Contactless payment first arrived in the 1990s and is now having its moment. Both companies and consumers are looking for ways to conduct business with as little physical interaction as possible during in-person transactions.

We’ve been building to this moment, if you think about it. Organizations have been steadily increasing reliance on digital options and implementing new regulations for all sorts of interactions. For example, event management asks patrons not to bring bags or purses and to empty their pockets at metal detectors in order to streamline traffic flow at gates and ticket booths.

Consumers are minimizing what they carry, which means less cash on hand. The more they can conduct business with their phone, the better, for convenience and efficiency. But given this shift to using our phones for payment, are organizations doing enough to ensure mobile security?

The Rising Popularity of Contactless Payment

Consumers are driving the push toward contactless payment, with credit card companies revealing double-digit increases in its use during the first quarter of 2020. Consumers, Mastercard CEO Ajay Banga told Forbes, are “looking for a quick way to get in and out of stores without exchanging cash, touching terminals or anything else.”

Non-contact forms of payment have been put to use mostly by corporations. The move to digital payments has been slow for small and mid-size businesses (SMBs), which often lag behind enterprises when it comes to digital transformation and cybersecurity enhancements. Expect this to change as more customers feel that using their phone and contactless mobile payments is the safest way to exchange money.

Further, don’t expect that credit card companies are the only players in this contactless exchange. Apps like Venmo, Zelle and PayPal, as well as company-owned payment options, are more frequently preferred by consumers. Even the U.S. government allowed citizens to receive their relief checks through direct deposit via an app.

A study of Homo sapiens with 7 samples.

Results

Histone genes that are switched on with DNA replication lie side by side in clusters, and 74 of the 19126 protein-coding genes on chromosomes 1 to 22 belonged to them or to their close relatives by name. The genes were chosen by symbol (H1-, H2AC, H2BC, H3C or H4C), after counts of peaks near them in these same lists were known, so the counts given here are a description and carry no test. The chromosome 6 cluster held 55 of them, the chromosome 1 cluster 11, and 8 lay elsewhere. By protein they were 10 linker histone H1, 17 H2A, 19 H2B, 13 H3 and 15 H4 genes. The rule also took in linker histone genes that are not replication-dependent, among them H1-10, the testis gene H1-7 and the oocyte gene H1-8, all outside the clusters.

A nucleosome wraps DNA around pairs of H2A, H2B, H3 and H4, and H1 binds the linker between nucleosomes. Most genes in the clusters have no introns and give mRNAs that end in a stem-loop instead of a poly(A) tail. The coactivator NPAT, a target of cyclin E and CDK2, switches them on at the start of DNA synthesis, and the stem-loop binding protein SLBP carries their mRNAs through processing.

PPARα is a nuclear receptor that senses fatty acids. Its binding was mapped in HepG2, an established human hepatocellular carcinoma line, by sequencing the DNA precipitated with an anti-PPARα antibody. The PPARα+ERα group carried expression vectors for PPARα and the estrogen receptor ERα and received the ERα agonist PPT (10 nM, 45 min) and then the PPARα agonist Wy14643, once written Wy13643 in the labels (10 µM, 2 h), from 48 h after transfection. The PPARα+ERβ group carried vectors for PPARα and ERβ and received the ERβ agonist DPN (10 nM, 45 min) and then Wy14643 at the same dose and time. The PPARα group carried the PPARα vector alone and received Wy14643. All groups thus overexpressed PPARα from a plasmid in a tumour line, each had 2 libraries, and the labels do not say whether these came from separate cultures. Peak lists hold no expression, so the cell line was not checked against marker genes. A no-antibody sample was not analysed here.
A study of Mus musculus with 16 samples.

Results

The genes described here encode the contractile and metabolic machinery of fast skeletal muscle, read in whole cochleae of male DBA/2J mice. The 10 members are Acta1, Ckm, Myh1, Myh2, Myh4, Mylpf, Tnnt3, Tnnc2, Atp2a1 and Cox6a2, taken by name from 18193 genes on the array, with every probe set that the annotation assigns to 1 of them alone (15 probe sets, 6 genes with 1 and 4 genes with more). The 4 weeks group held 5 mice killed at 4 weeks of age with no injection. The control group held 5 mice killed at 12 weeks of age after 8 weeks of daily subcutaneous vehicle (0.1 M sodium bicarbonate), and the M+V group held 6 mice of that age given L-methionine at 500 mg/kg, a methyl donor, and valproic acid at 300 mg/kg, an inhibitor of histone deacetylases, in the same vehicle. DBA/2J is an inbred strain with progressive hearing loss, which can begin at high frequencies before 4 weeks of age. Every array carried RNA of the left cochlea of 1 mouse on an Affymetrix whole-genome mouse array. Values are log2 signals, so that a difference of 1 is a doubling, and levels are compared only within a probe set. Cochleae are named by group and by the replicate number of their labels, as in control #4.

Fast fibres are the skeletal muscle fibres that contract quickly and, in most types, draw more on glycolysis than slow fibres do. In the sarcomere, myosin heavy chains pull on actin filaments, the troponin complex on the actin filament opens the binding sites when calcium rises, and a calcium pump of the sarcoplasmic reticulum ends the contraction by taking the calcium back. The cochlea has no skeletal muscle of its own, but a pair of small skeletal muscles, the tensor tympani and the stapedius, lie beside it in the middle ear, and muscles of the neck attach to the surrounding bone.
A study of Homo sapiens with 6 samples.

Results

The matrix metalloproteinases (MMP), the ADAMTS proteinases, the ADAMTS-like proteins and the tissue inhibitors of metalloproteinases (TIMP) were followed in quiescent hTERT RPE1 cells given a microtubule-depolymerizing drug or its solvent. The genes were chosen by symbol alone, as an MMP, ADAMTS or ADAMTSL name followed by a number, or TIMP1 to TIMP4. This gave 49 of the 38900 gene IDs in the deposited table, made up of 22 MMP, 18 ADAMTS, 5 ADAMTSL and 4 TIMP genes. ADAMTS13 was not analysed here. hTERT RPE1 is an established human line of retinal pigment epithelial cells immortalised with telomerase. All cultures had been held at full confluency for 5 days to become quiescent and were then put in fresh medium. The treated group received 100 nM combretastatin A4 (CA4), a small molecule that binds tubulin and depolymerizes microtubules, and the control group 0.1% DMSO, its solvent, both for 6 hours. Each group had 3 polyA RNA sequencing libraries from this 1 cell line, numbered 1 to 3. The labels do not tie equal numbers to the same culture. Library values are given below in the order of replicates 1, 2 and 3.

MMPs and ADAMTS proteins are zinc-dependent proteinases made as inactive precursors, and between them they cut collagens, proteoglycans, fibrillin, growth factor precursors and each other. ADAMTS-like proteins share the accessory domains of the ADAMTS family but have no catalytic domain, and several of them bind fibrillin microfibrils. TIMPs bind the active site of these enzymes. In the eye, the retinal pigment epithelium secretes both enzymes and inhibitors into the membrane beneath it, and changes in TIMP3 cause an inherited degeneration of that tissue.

With Convenience Comes Risk

Contactless payment is convenient, but like any technology, it comes with both mobile security and data privacy risks. Because you don’t need a PIN, a lost credit card or stolen device potentially gives a criminal easy access to your account. A phone without the proper security features in place makes it easy for anyone to ring up purchases without detection. Because many of these transactions happen without a receipt, it is difficult for the owner to prove the charges were fraudulent.

Contactless credit cards use radio frequency identification (RFID) to transmit the data, and hackers have been successful in making fake scanners or using card skimmers designed to steal data transmitted via RFID. If a hacker gets the information from the card or wallet, they can create cloned cards. Mobile wallets, on the other hand, rely on near-field communication (NFC) that transmits data within a very close range. It remains one of the most secure ways to conduct financial transactions.

Since contactless payments can decrease fraud through more secure methods of transmission and mobile device locks, the bigger threat could be data privacy. Contactless systems collect immense amounts of data from users and can use that information to track them. And of course, any time you download an app to your smartphone, there is a risk of malware or man-in-the-middle (MitM) attacks that can access information stored on the device — bank account numbers, personal information or confidential work files to name a few types — as well as social engineering and phishing scams designed to steal sensitive data.

Adding Mobile Security to Decrease Risk

While consumers need to be aware of the risks involved with contactless mobile payments, organizations also need to mitigate potential risks on their side, especially if mobile devices within the corporation are used for both personal and business use. And even though NFC is as secure as using your credit card in a trusted environment, there are ways to add levels of security for customer transactions. They include:

  • Adding multifactor authentication (MFA) to the transaction. Yes, mobile payments are supposed to be quick and easy for everyone, but staying secure takes an extra couple seconds by requiring a password, a digital signature or some form of physical or biometric identification.
  • Making sure all transactions are encrypted.
  • Using device-centric cryptography, which verifies the information is coming from a singular device and can’t be shared with another. This way, hackers can’t steal the information and use it on their phones, cutting down on fraud.
  • Ensuring your company continues to follow all Payment Card Industry (PCI) Security Standards Council guidelines for credit card transactions and all data privacy regulations for using and storing any information gathered.

Contactless payments are one of the safest and most secure methods of financial transactions, and as more businesses add the technology and more consumers want to reduce physical contact as much as possible, the use of mobile wallets will only increase in the coming months. Tackling the security concerns around mobile usage now can save you from potential cybersecurity incidents in the future.